Ryan Adds Some Loaded Examples to Question of ‘Better Off?’

New York Times

Ryan Adds Some Loaded Examples to Question of ‘Better Off?’

By TRIP GABRIEL and KITTY BENNETT
 
Representative Paul D. Ryan spoke to an overflow crowd at a campaign event on Monday at East Carolina University in Greenville, N.C.
Max Whittaker for The New York TimesRepresentative Paul D. Ryan spoke to an overflow crowd at a campaign event on Monday at East Carolina University in Greenville, N.C.

9:02 p.m. | Updated A revised version of this post is available here.

GREENVILLE, N.C. — Representative Paul D. Ryan compared the struggling economy to Jimmy Carter-era malaise, when a candidate named Ronald Reagan denied a president re-election by asking an unsettling question: “Are you better off than you were four years ago?”

“There’s a little gathering going on over in Charlotte,” Mr. Ryan said here in eastern North Carolina, about a four-hour drive from the site of the Democratic National Convention. “The president can say a lot of things, and he will, but he can’t tell you that you’re better off. Simply put, the Jimmy Carter years look like the good old days compared to where we are right now.”

The Republican National Committee and the Romney-Ryan campaign sounded the charge on Monday morning with a new video, a Web site and a statistics dump attacking President Obama on what they consider his biggest vulnerability, all asking the question: “Are you better off?”

Mr. Ryan picked up the theme speaking to 2,000 people at East Carolina University, while Mitt Romney took a break in New Hampshire from public campaigning.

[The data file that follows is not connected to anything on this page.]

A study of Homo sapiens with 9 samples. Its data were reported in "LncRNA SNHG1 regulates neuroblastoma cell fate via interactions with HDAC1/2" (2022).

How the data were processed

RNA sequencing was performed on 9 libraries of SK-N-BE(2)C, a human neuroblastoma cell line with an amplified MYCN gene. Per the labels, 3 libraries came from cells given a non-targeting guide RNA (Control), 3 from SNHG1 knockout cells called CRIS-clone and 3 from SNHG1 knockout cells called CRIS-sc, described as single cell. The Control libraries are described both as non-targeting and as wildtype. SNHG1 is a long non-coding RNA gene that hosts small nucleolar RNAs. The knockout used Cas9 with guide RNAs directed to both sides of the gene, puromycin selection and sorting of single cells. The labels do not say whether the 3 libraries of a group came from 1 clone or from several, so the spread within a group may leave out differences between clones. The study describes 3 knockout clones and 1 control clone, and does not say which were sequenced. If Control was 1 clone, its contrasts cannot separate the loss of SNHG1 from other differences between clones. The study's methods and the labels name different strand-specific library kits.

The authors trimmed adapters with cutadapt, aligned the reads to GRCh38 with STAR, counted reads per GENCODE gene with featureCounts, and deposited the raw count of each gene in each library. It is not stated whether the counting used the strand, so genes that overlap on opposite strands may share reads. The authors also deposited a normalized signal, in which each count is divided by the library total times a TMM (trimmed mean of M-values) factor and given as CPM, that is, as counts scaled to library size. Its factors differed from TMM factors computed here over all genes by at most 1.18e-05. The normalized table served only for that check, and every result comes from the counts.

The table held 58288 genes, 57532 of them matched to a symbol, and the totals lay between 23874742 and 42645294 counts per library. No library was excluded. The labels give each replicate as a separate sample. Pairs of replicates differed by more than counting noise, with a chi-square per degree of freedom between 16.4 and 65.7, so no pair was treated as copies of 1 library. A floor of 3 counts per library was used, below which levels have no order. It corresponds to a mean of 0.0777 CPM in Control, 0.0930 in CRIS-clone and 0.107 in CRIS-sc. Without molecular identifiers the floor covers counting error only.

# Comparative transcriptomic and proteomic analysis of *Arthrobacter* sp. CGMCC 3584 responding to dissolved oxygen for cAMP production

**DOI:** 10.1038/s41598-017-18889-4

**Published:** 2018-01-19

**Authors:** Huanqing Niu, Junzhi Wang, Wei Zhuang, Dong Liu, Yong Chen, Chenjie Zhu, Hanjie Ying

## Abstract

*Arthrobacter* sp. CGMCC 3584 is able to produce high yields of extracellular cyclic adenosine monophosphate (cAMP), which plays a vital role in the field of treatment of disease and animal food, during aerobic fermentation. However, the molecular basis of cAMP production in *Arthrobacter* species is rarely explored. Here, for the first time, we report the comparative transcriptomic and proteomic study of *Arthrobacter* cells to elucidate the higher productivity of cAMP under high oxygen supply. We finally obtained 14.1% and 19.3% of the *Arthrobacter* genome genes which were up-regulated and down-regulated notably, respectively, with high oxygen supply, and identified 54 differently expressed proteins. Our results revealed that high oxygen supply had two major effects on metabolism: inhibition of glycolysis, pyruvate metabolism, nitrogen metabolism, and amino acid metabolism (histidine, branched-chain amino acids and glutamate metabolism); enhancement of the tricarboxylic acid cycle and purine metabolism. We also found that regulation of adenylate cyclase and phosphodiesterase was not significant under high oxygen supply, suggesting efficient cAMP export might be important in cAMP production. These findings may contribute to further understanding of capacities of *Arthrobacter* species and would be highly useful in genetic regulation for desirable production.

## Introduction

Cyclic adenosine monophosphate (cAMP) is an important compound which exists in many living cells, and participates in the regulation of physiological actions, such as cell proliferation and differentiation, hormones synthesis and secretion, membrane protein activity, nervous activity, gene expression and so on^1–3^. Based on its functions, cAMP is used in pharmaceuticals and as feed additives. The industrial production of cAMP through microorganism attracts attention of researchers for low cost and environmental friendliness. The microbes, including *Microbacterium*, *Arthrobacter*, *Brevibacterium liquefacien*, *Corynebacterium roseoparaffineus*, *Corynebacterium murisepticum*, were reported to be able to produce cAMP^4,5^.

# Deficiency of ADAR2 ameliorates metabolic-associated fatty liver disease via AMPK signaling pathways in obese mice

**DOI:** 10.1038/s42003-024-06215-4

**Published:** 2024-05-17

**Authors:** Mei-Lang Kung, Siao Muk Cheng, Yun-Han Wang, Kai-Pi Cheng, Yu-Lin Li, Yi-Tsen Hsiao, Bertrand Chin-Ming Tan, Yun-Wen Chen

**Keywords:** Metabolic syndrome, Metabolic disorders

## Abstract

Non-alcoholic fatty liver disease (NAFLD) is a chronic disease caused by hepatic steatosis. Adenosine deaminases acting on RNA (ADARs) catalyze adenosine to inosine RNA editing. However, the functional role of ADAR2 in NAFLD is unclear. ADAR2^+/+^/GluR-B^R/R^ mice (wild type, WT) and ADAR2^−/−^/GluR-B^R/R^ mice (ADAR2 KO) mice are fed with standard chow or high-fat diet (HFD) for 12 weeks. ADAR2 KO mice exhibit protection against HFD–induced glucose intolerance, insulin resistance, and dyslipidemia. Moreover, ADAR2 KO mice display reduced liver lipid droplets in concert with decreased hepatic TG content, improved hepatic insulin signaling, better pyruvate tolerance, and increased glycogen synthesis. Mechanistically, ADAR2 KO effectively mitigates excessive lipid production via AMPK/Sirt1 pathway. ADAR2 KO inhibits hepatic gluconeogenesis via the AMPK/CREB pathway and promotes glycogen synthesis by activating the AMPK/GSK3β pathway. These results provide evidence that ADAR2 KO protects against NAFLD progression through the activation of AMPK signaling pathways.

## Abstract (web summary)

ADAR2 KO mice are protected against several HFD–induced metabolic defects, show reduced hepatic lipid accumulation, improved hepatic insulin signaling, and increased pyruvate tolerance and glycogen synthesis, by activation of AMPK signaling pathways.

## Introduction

“In July of 1980, the unemployment rate was 7.8 percent,” Mr. Ryan said. “For the past 42 months, it’s been above 8 percent under President Obama’s failed leadership.” He also cited the even higher unemployment rate of 9.6 percent in North Carolina, a state that Mr. Obama won in 2008 but where the race is deadlocked, according to the latest polls.

While correct, some of Mr. Ryan’s numbers seemed cherry-picked to paint the worst possible picture and to ignore the argument by Democrats that Mr. Obama inherited a disastrous economy that continued to deteriorate during much of his first year, but that since then has turned around and slowly improved.

It is true that unemployment in North Carolina is higher than the national average. It is also true that the rate peaked at 11.4 percent in January and February 2010 and has been dropping since then.

Mr. Ryan also cited bankruptcy numbers to make the point that failing businesses mean fewer jobs. “In 1980 under Jimmy Carter, 330,000 businesses filed for bankruptcy,” he said. “Last year, under President Obama’s failed leadership, 1.4 million businesses filed for bankruptcy.”

But he appeared to conflate business bankruptcies and much more numerous personal bankruptcies. Of the 331,264 bankruptcies in 1980, only 43,694 were for businesses, according to the American Bankruptcy Institute.

Of the 1,410,653 total bankruptcy filings last year, 47,806 were business bankruptcies, according to the institute. And, again, the numbers are falling. In 2009, there were 60,837 business bankruptcies. In July, the latest month with complete statistics, business bankruptcies were 22 percent lower than a year earlier, and personal bankruptcies were down 11 percent.

Author: Michael J. Mikulka

President, AFGE Local 704, representing over 900 bargaining unit employees working at the U.S. EPA Region 5 Offices in Chicago, Grosse Ile, MI and Westlake, OH.